Last week, we talked about the advantages and disadvantages of pay per click advertising (or PPC) over search engine optimization (SEO). PPC has a distinct advantage because it makes it easy to get “to the top” of the search engines (if there really is a “top”). But of course, the major disadvantage is that PPC costs money, SEO doesn’t.

Unfortunately, Google makes it easy to set up your ads and start spending money, but they don’t give you all the details about how to do it correctly so you don’t waste money.

The Biggest PPC Mistake Of Them All

The biggest mistake I see over and over again is that someone decides to run an ad on Google (or the other search engines), and they send the click traffic to their Home page of their website.

You never want to send a click from an ad to the Home page because:

  • It typically has very little content, and any keywords that someone is searching for, won’t be addressed on the Home page.
  • There often isn’t a call-to-action to convert potential customers
  • The SEO on the Home page won’t match the ad copy (this is important!)

Instead, you want to create one or more “landing pages” or destination pages that are specific to the ads you’re running.

Why Set Up Landing Pages?

You should have a landing page for each group of ads that you’re running that is very specific to that ad group. As an example, one of my clients makes bronze grave markers, and granite grave markers (headstones). We set up two ads that are specific to each of the two search term groups (bronze and granite), and two separate landing pages.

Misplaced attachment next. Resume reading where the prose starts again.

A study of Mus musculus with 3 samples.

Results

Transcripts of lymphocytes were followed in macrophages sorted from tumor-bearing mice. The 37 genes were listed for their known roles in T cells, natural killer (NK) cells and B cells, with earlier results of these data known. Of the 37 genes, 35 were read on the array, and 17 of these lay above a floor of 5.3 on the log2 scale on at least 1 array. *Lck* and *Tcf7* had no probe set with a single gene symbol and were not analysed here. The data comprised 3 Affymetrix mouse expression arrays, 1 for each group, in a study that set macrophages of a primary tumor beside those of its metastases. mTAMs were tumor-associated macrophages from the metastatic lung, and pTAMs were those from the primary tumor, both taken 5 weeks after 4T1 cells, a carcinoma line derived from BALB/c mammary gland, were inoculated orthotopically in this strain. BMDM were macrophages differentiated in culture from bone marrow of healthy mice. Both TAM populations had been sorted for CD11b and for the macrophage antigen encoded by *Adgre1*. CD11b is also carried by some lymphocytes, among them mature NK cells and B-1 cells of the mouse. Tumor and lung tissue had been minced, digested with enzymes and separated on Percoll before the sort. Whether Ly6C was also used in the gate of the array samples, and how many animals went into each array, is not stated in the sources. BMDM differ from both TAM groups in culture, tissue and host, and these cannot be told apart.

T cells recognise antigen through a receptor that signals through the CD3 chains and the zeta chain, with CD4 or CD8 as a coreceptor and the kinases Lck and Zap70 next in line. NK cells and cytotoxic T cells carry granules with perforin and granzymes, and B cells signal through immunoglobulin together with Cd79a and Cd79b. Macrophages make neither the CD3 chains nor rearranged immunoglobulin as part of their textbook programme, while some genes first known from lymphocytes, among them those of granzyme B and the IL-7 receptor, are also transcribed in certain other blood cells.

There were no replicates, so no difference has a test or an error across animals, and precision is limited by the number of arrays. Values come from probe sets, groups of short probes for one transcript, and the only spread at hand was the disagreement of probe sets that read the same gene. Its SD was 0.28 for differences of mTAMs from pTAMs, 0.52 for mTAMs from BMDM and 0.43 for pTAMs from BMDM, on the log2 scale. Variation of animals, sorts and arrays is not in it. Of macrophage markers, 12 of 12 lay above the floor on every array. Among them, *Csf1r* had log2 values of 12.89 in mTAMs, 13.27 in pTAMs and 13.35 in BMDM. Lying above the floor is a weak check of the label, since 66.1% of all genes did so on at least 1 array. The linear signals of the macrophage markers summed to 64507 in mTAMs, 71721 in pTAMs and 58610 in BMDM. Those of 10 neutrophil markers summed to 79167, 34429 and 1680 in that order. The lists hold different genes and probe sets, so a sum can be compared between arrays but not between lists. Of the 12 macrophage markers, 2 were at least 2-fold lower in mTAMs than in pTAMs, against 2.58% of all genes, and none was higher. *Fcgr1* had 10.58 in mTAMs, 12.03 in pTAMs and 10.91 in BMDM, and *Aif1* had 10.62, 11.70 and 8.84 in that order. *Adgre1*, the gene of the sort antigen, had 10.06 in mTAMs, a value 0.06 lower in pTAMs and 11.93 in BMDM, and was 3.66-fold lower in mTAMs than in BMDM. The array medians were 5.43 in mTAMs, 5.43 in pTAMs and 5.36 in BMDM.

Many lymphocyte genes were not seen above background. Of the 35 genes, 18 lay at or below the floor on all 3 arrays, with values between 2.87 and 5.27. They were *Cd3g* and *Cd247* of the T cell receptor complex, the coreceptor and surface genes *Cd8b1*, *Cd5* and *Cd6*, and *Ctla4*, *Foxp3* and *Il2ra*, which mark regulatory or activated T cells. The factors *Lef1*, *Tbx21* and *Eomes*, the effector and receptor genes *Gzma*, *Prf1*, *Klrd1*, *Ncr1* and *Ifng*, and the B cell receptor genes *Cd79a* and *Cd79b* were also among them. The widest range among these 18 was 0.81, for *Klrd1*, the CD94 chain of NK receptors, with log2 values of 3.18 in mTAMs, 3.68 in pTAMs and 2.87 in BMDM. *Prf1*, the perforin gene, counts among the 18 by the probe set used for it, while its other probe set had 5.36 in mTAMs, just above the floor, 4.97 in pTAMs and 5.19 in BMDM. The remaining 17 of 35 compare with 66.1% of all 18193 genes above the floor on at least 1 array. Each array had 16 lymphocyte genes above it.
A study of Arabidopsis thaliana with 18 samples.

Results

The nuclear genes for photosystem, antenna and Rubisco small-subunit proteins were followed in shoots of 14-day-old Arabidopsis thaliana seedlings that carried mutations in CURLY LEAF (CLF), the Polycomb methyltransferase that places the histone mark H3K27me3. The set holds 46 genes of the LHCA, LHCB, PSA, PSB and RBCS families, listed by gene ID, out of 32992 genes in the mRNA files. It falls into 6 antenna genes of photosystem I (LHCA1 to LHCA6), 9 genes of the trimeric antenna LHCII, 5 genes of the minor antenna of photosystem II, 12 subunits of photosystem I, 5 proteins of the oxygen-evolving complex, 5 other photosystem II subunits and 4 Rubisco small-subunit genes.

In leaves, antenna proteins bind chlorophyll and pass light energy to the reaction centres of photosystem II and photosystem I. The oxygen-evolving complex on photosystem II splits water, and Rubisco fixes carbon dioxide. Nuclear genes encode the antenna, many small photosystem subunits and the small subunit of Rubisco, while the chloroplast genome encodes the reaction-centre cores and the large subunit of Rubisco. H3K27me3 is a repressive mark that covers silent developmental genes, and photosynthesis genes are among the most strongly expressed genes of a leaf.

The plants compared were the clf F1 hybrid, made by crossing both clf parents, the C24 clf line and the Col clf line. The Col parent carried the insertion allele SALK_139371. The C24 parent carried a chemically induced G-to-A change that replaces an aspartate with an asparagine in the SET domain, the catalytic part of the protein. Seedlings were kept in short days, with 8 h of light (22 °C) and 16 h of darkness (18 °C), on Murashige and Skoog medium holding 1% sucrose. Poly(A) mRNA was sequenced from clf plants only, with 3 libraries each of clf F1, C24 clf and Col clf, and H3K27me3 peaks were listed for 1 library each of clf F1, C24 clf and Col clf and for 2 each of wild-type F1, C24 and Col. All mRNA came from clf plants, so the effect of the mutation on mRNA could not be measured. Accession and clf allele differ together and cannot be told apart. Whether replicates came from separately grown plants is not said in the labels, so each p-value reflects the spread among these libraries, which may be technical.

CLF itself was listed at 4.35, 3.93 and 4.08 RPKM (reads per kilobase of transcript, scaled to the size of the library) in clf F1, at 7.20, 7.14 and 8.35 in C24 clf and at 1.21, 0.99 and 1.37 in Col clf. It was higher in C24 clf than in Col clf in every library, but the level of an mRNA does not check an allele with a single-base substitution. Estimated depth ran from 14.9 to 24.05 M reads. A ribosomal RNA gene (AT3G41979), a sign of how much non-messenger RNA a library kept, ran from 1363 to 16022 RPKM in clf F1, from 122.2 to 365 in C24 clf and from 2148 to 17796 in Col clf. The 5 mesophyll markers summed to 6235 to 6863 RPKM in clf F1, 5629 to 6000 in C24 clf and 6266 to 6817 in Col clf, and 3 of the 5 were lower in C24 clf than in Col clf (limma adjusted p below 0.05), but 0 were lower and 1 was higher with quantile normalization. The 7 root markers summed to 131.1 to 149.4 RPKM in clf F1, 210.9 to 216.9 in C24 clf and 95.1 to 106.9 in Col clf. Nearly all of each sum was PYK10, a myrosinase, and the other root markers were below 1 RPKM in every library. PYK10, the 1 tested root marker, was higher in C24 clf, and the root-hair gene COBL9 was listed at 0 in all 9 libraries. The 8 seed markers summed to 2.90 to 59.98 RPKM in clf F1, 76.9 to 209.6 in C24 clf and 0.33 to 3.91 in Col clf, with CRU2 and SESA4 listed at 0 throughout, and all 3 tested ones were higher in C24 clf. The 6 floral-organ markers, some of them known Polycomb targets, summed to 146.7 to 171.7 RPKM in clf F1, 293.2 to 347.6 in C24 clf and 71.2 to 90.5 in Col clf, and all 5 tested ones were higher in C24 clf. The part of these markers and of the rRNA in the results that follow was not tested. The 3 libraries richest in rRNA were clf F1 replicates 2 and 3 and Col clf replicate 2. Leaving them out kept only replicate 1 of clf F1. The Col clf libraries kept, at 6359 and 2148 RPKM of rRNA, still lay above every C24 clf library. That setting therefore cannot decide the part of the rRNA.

So the granite marker ad set it pointing to the granite marker landing page. The bronze marker ad set is to click through to the bronze marker landing page.

The idea is that if someone is searching for a bronze marker, they should land on a page that talks all about bronze markers, not a generic page (or worse – the Home page).

Landing Page Details

The landing page(s) should not be a page that can be navigated to from the menu or any links. It should be an “orphan” page that no one can get to except by clicking the ad. The copy and images should only be about whatever group of terms you’re advertising for (like bronze grave markers).

You can even tell the search engines not to index it if you prefer. Assuming you have Google Analytics set up, you want all traffic to this page to be from your ads so you can tell exactly how many people are coming from your paid ads. This will help you to measure the effectiveness of your ad costs. You can compare dollars spent against customer conversions to make sure it’s cost effective.

Second, the PPC landing page should have a single call-to-action on it. Typically, this is some sort of very short form that someone would fill out to get in touch with you, or possibly a single button that leads them to a page like:

  • Get a free quote
  • Request information
  • Sign up for a newsletter

Make sure the form, if you use one, has the bare minimum information you need. The longer the form the less likely people are going to fill it out. Make it name, phone and e-mail at the most. Your form results (the e-mail you get) should uniquely identify what form they filled out.

Lastly, make sure that you’ve done a good job of search engine optimizing the landing page for the keywords that you’re bidding on. The more closely the copy, meta tags and all the SEO match the ad copy, this will increase your quality score, causing your clicks to cost you less.

Here’s an example of a PPC landing page that I used recently.

It’s got good SEO built into the page title and description, has only one call-to-action (the “Register” button) and is very specific to the ad I was running. It also has a strong testimonial video right at the top to help people make up their mind.

Give me a link to a landing page you’ve set up so we can see some of your examples, and tell me what you like best about the page.